In an anxious bank marketing landscape, the race from fragile to agile

As she picked the brains of leading-edge marketing thinkers, Barre Hardy ran into a lot of edgy, anxious thoughts.

An associate partner with CMG Partners in Durham, N.C., Hardy interviewed 40 senior marketing executives for her firm’s annual thought leadership survey. And for such an auspicious assignment, she kept hearing some common laments: “We’re too slow to market” … “We’re bogged down by complexity and change” … “We’re not sure how to use the new technology tools to connect with our customers.”

Yet Barre had consulted for enough software companies to know that one speed-to-market technique—a favorite among software engineers—could possibly be modified for marketing. It’s called agile software development—and her research turned up just a few examples of marketers borrowing agile techniques that relied on nimble, data-driven, cross-functional teams to launch products into a rapidly changing market.

Hardy wondered whether agile could possibly turbocharge marketing the way it did software development. Turns out her hunch five years ago was on the mark; CMG is now virtually synonymous with agile marketing, a practice Hardy leads with an almost evangelical zeal.

“It’s been a labor of love for me to help organizations create accountable, high-performing teams and enable them with new tools, processes and thinking to help them operate at their highest potential,” she says. “You get really great marketing impact when you put all of that together.”

A former manager for GE Plastics, where she learned how to continuously improve marketing and sales, shared her insights at BAI Beacon.

Q. How is agile marketing different from traditional marketing?

A. Rather than rely on a traditional, long-term marketing plan, agile marketers mobilize small, self-managing teams that think like startups and set aside job titles. They break down projects into smaller increments and deliver work in so-called “sprint windows.” These windows could be one, two or four weeks long. By getting the work out to market more quickly, you can get real-time market feedback. That’s the essence of the methodology that helps break down points of friction within an organization. More important is the agile marketing mindset. It says it’s OK to fail in small ways and learn from your mistakes. It helps transform an organization’s culture into one that’s more efficient, collaborative and customer-focused.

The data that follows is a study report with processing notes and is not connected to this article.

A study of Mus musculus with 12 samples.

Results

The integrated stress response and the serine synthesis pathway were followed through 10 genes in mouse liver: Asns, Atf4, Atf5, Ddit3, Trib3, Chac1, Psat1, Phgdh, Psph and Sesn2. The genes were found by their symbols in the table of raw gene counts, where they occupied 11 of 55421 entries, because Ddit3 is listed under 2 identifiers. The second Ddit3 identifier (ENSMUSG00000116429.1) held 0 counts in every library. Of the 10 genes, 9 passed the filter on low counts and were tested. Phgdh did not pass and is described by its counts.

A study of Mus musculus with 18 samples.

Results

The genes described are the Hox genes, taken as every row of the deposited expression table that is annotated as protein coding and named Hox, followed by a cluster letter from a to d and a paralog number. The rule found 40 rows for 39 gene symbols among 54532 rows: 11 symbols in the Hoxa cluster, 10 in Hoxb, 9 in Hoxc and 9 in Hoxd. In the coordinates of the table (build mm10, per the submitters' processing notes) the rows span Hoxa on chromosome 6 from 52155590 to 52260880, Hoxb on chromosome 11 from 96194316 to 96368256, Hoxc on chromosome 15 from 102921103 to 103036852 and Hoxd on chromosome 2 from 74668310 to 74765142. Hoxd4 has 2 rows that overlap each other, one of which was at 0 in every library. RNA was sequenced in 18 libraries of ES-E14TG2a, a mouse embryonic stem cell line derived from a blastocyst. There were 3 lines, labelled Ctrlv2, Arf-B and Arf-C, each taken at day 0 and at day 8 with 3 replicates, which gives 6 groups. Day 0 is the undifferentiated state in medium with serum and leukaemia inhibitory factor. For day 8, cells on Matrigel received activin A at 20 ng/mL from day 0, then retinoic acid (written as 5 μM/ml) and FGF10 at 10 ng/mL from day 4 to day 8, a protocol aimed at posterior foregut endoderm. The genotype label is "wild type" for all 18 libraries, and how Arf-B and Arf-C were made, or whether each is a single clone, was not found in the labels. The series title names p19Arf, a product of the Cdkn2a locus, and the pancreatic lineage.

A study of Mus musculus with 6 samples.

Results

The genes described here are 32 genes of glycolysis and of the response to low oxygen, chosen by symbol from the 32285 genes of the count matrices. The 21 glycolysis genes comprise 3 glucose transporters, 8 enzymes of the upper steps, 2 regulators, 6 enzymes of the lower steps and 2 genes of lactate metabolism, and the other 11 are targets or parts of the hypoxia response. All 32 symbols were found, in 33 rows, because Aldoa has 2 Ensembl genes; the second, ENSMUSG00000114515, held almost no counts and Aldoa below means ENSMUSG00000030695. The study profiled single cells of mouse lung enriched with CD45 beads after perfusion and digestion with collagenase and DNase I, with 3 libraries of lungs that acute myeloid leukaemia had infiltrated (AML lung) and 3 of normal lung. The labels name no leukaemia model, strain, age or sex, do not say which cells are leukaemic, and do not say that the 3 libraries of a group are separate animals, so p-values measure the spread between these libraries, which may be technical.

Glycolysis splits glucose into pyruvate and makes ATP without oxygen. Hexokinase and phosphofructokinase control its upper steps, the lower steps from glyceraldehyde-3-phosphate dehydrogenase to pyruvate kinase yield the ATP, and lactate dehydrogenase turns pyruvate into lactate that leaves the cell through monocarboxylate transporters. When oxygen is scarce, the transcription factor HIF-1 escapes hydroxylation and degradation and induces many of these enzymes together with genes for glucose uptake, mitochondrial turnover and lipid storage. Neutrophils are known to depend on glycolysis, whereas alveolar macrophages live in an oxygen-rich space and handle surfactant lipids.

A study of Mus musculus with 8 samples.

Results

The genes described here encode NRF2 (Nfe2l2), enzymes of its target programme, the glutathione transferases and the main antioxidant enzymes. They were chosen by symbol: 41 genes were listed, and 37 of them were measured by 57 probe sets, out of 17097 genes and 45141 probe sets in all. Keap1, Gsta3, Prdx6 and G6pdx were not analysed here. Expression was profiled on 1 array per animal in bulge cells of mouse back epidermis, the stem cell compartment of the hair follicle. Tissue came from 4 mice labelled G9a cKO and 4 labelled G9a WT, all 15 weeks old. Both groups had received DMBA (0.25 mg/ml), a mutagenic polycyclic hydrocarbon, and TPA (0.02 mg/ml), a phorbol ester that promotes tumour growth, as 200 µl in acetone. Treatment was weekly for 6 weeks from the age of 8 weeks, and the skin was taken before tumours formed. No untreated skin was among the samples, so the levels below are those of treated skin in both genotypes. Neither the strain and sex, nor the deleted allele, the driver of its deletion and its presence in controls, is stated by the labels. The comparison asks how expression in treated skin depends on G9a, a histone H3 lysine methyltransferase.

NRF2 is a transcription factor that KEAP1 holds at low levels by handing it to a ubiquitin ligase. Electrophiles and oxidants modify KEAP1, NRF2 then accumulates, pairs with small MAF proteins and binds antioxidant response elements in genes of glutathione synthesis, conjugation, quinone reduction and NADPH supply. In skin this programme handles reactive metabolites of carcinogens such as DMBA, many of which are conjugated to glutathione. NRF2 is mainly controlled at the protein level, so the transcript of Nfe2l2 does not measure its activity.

Q. How are things breaking with agile marketing?

A. I spoke earlier this year at a financial services conference on digital marketing and talked to a lot of leaders in the industry. I found one out of three of them are either considering or are implementing agile marketing at their institutions. So I think that speaks to its relevancy.

Q. What’s the most exciting element of agile marketing at the moment?

A. There’s a growing recognition among marketers that what has worked in the past is not going to sustain the future. Marketers have to change to stay relevant. More than that, they have to change to achieve their goals. I’m excited because I believe we are now at a tipping point as the momentum toward agile continues to grow.

Q. What’s the biggest challenge facing the banking industry in terms of agile marketing?

A. It goes back to the points of friction facing any organization as it transitions to agile. Bank marketers rely on external agencies; they must work with legal and compliance to meet regulatory requirements; their new products must be rigorously tested. All those layers of complexity add time to the process. Agile is about trying to reduce the complexity and time to market to achieve greater efficiency and effectiveness.

Q. Is it more challenging to implement agile marketing in a bank rather than a non-financial institution?

A. Yes. Privacy laws make it harder for bank marketers to access customer data. So much can be learned with the data, which is at the heart of agile. Organizations must be driven by insights they’ve learned about their customers. The data is not only harder for banks to access. Often, it’s very siloed in a financial institution as well. But with the right support for agile marketing from senior leadership, none of this is insurmountable.

Q. How do you see the financial services changing?

A. Banking is becoming a digital industry. Customers are interacting, in some cases, on a daily basis with their banks. That digital experience is critical for banks to successfully relate to their customers. Those that aren’t nimble enough to evolve will grow more slowly. Those that do evolve will recognize where the value gaps—exist and close them through an agile delivery system. 

Edmund Lawler is a business writer, author of six books and former editor at BtoB Magazine.